Technical Writer - 25883
- A minimum of 5 years in a technical writing role
- Proven experience designing and delivering customer-oriented documentation
- Strong written and verbal communication skills
- Experience working directly with development teams
- preferred skills
- Experience with cloud services or game technology
- Experience with instructional design
- Experience with an XML-based authoring system
- Previous experience working in an agile environment
- Passion to thrive in a fast-paced, ever-changing environment
- Proven experience using and following the Microsoft Manual of Style for Technical Publications (MSTP)
- A proactive and open-minded attitude to resolving problems and delivering results
- Must have done documentation for a significant technical software product!!
- Ownership is pretty good indicator. Writers just document the stuff they’ve been told to document, but those who excel can also work in other documentation and see improvement spot, take initiative and make a change. If something has been presented in a certain way, and it’s overly complicated to write about, maybe there’s a better way to implement, so a good tech writer will let the engineers know.
- Dive Deep is important, have to dive into technical space and deeply understand before they write about it.
- Automatic DQ: If they've never done documentation of a significantly technical software product, they need to see a history of that. Writers doing end user facing, IU that were fairly simple. This is technical software for developers who are technical people. If you see work where they’ve done developer facing documentation.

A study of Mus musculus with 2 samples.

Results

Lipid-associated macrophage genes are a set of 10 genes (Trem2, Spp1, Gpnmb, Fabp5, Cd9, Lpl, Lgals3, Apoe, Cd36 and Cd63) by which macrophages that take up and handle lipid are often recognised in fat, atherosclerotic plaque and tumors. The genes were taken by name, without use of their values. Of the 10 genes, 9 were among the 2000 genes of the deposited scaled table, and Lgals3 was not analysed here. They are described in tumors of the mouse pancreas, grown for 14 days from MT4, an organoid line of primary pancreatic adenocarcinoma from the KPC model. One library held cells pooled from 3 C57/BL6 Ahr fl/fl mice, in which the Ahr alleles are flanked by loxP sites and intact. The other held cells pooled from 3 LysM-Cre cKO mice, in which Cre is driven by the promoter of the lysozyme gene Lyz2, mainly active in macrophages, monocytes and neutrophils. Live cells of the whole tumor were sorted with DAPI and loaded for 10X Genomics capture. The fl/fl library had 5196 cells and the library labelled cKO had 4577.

services to be performed
The key responsibility for the technical writer is to independently develop and deliver documentation for core game engine technologies and tools.
***Notes from Hiring Manager***
Key projects: Clear backlog. Chunks of tickets coalesce around a feature area, so the contractor will learn one without much randomization. Get familiar with one area of the engine and work around area.
Work environment: Pretty flexible, writers commute in from outside of Seattle. Come in around 10-7 or 8. Early starters are fine too. Other people on team will be there starting around 8:30-9.
A period of collaboration with people who wrote the software, get trained on it and then it’s head down while you’re doing the writing. A little more collaboration while doing a technical review. Writing team are fairly introverted, talk one on one, not noisy and not a ton of conversations.
No full time remote, but once they get their feet under them, they can work from home one day per week. Need to be on site while they learn.
Once they’re trained, expectation is averaging a day and a half per ticket. After an initial month, they’ll be looking to have contract writers hitting something near that. If they’re not getting close to that, it won’t garner an extension.